Overblown announcing, incoherent analysis and bizarre graphics: ESPN’s broadcast checks every box when it comes to bad TV
The NFL has a real problem when the marquee match-up for its most famous broadcast is best enjoyed on mute. This week, Lamar Jackson eviscerated the Rams on Monday Night Football in one of the most impressive individual performances in recent memory. The only problem: the experience of watching Jackson’s genius was made worse, not better, by ESPN’s announcing crew, Joe Tessitore and Booger McFarland.
This is the broadcast of Madden and Gruden and Michaels and Cosell. It is the pinnacle of the profession. Such an event broadcast by a company that once styled itself the Worldwide Leader In Sports should not have you wondering every five minutes how this is the best they can offer. Here are just a few doozies from McFarland’s latest Monday night:
• “Tess, in order for Lamar Jackson to win MVP, he will have to convince people he is more valuable than Patrick Mahomes.”
• “If I’m the Rams, I’m gonna force Lamar to have the football. All you gotta do is tackle him!”
• “A false start penalty on second-and-five might actually help the Rams.”
• “The Rams, you know, have yellow uniforms.”
• “America, listen to me now: stop allowing tight ends to block premier pass-rushers one-on-one.”
That final one is his magnum opus. McFarland addressed the country as if the electorate had voted for an idiotic football strategy and he was here to ignite a revolution. In truth, Monday Night Football has been a mess since Mike Tirico left for NBC in 2016. Jon Gruden’s Jon Gruden-ness papered over the cracks during a shaky two-year affair with Sean McDonough, but the broadcast has been in freefall ever since.
Last season ESPN tried to emulate CBS’s success with Tony Romo by hiring another retired Dallas Cowboy, Jason Witten. One issue: Romo is a once in a generation broadcast talent, smart and funny and natural and unique. Witten was not: to call him wooden would be an insult to pine. ESPN pulled the plug after just one year, and Witten returned to the playing field. Tessitore’s ropey debut was given a pass: Working with Witten would be tough for anyone, became the consensus.
Up stepped McFarland, who had spent much of the season patrolling the sidelines in the now-infamous “Booger Mobile”, one of the most bizarre and pointless inventions in the history of television. McFarland was a decent in-studio college football analyst, but he has been awful as a national NFL voice. He sounds like he’s started a sentence and has no idea where it’s going to end. On Monday, McFarland officially entered the Biden Zone. At this point, you don’t really care what he says, you’re just hoping he can stumble his way to a coherent conclusion. Tessitore is a real problem, too. That booming voice was perfect for the ever-ridiculous world of college football but falls flat in the pros. In the NFL, Tessitore sounds like a condescending try-hard.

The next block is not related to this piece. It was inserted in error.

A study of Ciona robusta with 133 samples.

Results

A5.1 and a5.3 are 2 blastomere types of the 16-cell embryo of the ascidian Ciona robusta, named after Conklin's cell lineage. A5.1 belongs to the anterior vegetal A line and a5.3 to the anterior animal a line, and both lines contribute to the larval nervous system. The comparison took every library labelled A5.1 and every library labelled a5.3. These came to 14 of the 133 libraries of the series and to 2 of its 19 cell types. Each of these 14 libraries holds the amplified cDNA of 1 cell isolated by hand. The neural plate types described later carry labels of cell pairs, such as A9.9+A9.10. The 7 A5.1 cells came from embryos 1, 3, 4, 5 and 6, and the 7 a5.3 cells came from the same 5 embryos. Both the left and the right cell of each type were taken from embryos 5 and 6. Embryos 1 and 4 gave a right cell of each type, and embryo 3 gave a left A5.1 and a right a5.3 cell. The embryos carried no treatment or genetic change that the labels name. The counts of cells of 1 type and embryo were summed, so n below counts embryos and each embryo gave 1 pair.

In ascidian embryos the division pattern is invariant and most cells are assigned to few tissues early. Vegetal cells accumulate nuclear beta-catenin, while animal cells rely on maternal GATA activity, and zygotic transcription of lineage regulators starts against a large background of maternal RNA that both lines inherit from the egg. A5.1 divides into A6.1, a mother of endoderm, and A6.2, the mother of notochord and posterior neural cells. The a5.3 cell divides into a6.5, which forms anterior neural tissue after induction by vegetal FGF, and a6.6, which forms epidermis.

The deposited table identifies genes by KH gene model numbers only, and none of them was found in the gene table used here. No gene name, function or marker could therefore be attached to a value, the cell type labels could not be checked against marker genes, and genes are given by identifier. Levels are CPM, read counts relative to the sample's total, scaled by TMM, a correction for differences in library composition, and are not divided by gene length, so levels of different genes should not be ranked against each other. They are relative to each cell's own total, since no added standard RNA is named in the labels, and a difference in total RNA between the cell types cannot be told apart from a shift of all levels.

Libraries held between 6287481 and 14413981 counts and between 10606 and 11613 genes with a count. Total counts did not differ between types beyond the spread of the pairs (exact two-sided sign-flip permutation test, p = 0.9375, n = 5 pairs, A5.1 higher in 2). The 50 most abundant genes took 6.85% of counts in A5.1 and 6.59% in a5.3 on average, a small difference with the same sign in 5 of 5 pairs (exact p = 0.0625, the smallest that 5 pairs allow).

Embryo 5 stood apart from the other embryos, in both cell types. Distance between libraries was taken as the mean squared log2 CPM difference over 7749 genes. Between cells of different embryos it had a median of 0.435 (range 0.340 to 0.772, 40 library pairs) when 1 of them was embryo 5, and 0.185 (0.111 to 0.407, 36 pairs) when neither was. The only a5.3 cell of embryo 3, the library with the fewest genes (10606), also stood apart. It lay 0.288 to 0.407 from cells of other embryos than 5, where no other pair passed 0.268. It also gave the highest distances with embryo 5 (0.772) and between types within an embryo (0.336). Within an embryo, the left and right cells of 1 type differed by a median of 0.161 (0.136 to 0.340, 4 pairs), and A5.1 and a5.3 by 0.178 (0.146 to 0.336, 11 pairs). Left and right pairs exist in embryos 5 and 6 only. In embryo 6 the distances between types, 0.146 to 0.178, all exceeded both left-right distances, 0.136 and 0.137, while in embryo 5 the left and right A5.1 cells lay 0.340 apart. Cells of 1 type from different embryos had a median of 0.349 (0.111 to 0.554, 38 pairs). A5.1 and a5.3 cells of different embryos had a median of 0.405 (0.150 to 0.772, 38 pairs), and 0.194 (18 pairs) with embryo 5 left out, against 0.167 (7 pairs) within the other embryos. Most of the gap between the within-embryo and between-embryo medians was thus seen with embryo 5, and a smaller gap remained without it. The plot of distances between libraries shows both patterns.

And then there’s the graphics department, which was subject to a John Oliver scolding a little over a year ago. Things haven’t improved. The network had to update its graphics bar mid-game during its debut broadcast of the season because the new down-and-distance box was bright yellow, causing viewers to think a penalty was being called on every play. Think about that: meetings took place over that decision. People had coffee and sandwiches and showed PowerPoints and shook hands and high-fived.
It often feels like the show’s producers are more interested in their carefully choreographed packages and graphics than the actual game unfolding on the field. No other broadcast misses a play as consistently as Monday Night Football, continuing to prove that there is nothing in media or entertainment that cannot be ruined by more money and time. Spare us dancing 3D models and show us what Patrick Mahomes is doing at the line of scrimmage.
Moving on from one or both of Tessitore and McFarland is inevitable. McFarland’s selection was important because the NFL’s flagship broadcast hadn’t had an African American analyst in the booth in decades, but his performance has become indefensible. ESPN has a bunch of talented people in-house – Louis Riddick, Dan Orlovsky to name but two – or they could pinch someone away from a rival network.
ESPN’s owners, Disney, handed over $15.2bn to the NFL for the rights to broadcast one game per week and receive the worst of the league’s playoff match-ups. Executives justify that price by saying it allows ESPN to show highlights and game footage throughout the season across its range of channels and talking-head shows. Yet Monday Night Football remains the company’s prestige telecast, despite its flagging ratings. Disney is a market leader and conqueror, it is not in the business of being mocked. There is a real problem when the only enjoyable part of the show is the rules analyst, John Parry. Right now, Monday Night Football is fundamentally broken and remains dead stinking last among national broadcasts.